Volume 4 Supplement 1
Identifying infection prevention and control gaps in healthcare facilities operating in Rivers state during the EVD outbreak in Nigeria 2014
© Okwor et al; licensee BioMed Central Ltd. 2015
Published: 16 June 2015
The rate of infection of health care workers in the recent Ebola Virus Disease (EVD) outbreak in West Africa, including Nigeria has shown that the disease can be transmitted and amplified in healthcare settings especially when infection prevention and control (IPC) procedures are ineffective or ignored.
The aim of this study was to evaluate the level of infection control measures operating in health facilities in Rivers state as at the time of the Nigerian 2014 EVD outbreak.
The descriptive cross sectional study was done in Rivers state one of the two states that experienced the EVD outbreak in Nigeria. Information on IPC materials and practices in health facilities in the state was collected using the Infection Control Assessment Tool (ICAT) between September 4th and 11th 2014. Each response was scored between 0-3. An overall score of ≥75% was graded as good while <75% was poor. Data was analysed with SPSS Version 20. Ethical statement; this study was conducted during the outbreak of EVD in Nigeria as part of response activities by the members of the Ebola Emergency Operation Center.
Two tertiary, twenty four public secondary and sixty six private secondary health facilities were studied. Only one of the tertiary healthcare facilities had an IPC committee in place with a focal officer in charge. Only one hospital had an IPC policy which was not operational. None of the health facilities had a good score for both IPC materials availability and practice.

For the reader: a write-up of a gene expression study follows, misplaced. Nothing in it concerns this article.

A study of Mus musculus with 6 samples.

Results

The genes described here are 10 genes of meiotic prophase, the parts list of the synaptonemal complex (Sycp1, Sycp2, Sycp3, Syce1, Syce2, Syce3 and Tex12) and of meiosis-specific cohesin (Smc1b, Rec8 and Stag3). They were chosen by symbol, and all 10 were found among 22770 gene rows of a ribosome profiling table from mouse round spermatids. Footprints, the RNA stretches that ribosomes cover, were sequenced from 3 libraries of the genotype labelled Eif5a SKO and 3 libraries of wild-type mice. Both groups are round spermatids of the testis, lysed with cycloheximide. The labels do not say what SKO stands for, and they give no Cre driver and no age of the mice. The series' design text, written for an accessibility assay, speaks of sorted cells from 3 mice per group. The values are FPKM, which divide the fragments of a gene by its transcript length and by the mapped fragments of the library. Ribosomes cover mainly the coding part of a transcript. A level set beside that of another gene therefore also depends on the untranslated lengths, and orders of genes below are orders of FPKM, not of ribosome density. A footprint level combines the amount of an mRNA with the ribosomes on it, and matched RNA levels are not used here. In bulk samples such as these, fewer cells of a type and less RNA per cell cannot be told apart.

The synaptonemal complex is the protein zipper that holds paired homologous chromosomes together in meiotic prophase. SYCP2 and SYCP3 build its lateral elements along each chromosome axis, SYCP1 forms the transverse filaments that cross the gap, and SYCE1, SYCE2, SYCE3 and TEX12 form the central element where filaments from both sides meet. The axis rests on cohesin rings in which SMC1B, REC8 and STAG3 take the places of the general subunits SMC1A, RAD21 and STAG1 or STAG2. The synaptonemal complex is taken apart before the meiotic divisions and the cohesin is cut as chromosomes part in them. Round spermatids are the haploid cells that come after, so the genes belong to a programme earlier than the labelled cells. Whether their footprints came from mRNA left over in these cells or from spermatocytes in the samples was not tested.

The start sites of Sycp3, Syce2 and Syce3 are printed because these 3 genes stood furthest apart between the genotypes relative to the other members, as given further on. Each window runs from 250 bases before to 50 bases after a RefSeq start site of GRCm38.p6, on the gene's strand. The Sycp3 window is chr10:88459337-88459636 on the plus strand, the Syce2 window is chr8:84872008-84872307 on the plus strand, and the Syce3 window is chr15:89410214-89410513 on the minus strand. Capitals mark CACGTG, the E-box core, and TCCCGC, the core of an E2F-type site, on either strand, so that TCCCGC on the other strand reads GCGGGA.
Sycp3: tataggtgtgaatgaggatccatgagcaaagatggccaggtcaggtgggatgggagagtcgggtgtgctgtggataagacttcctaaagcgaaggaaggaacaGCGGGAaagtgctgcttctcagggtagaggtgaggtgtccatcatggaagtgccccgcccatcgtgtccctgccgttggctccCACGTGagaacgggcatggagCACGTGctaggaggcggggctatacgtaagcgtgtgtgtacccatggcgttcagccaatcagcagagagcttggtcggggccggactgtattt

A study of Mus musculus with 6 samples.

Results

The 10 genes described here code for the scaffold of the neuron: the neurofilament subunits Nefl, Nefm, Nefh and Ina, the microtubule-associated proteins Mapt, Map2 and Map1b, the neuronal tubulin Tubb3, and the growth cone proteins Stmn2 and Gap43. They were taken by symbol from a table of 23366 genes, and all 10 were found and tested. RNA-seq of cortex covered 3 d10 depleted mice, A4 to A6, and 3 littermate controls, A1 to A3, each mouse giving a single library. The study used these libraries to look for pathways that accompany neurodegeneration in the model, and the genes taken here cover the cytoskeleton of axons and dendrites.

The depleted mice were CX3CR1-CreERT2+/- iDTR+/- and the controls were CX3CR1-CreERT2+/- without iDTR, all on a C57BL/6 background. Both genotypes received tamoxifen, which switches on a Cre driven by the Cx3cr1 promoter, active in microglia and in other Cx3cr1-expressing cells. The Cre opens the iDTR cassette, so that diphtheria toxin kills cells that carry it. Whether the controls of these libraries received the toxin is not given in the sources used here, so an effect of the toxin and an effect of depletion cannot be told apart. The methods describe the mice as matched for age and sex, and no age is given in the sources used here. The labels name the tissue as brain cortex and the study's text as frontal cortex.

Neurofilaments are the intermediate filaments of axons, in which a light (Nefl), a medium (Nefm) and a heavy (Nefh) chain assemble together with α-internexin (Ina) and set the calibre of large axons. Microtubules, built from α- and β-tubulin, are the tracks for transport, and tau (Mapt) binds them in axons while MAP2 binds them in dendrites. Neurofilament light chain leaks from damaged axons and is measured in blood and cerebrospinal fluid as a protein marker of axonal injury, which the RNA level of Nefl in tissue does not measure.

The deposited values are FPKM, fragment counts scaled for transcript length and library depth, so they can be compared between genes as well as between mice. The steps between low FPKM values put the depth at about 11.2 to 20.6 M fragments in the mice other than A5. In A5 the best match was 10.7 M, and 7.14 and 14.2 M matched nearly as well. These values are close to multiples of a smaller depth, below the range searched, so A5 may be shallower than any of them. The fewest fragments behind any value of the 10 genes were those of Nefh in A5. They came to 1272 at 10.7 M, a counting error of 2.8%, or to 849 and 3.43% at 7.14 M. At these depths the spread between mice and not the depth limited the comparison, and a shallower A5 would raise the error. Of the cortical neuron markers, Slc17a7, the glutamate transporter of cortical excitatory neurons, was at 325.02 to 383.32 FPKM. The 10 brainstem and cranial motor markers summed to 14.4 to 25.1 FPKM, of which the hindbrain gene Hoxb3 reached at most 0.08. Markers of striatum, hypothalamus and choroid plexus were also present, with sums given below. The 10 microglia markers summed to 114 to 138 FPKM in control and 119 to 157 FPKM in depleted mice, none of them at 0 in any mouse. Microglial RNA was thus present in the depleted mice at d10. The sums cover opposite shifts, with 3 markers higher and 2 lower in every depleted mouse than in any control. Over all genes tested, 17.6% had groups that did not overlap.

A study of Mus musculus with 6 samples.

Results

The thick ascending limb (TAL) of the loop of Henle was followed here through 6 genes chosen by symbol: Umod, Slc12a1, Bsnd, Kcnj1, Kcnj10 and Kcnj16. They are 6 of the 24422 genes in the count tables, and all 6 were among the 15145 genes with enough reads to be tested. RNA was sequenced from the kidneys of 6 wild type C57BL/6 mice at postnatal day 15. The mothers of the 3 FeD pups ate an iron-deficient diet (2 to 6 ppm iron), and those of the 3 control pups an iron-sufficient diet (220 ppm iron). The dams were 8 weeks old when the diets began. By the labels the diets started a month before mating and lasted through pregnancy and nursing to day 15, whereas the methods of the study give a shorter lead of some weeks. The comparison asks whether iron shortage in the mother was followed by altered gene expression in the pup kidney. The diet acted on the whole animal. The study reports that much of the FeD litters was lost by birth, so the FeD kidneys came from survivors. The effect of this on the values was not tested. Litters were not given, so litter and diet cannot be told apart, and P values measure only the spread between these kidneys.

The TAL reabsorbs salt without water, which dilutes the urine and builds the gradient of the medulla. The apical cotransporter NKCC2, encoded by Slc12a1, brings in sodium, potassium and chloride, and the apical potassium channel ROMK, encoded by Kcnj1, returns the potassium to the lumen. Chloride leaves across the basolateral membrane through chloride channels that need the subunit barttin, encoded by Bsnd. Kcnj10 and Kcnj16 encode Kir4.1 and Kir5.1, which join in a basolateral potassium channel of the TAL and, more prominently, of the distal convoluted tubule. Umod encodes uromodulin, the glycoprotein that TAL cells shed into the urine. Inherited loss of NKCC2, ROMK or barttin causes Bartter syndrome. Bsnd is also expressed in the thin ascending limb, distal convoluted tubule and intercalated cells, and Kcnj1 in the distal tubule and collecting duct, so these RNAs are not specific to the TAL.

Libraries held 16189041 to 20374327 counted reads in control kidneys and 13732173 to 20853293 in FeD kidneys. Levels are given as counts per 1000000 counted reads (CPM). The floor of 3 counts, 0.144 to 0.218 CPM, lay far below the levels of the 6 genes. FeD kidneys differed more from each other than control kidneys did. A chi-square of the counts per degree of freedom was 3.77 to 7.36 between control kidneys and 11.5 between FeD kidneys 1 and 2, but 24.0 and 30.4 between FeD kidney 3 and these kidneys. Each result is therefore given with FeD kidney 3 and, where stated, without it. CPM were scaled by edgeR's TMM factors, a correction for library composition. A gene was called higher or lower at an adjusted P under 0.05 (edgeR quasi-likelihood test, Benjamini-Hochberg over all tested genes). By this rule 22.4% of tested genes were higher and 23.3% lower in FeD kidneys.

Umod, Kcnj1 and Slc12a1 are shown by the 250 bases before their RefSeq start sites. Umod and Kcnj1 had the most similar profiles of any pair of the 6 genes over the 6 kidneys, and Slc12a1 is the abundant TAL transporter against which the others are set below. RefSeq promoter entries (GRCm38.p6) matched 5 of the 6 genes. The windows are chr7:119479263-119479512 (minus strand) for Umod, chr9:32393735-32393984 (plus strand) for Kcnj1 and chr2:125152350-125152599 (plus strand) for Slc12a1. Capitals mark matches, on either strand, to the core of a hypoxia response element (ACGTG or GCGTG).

Gaps existed in IPC in health facilities in Rivers State, Nigeria at the outbreak of EVD. It is recommended that appropriate policy for maintaining and sustaining infrastructure and supplies essential to IPC in health facilities be developed and implemented in all health facilities. Regular surveillance should be put in place to ensure that these items are always available, while hospital administrators and departmental heads must provide the necessary resources to facilitate compliance.
Disclosure of interest
This article is published under license to BioMed Central Ltd. This is an Open Access article distributed under the terms of the Creative Commons Attribution License (http://creativecommons.org/licenses/by/4.0), which permits unrestricted use, distribution, and reproduction in any medium, provided the original work is properly cited. The Creative Commons Public Domain Dedication waiver (http://creativecommons.org/publicdomain/zero/1.0/) applies to the data made available in this article, unless otherwise stated.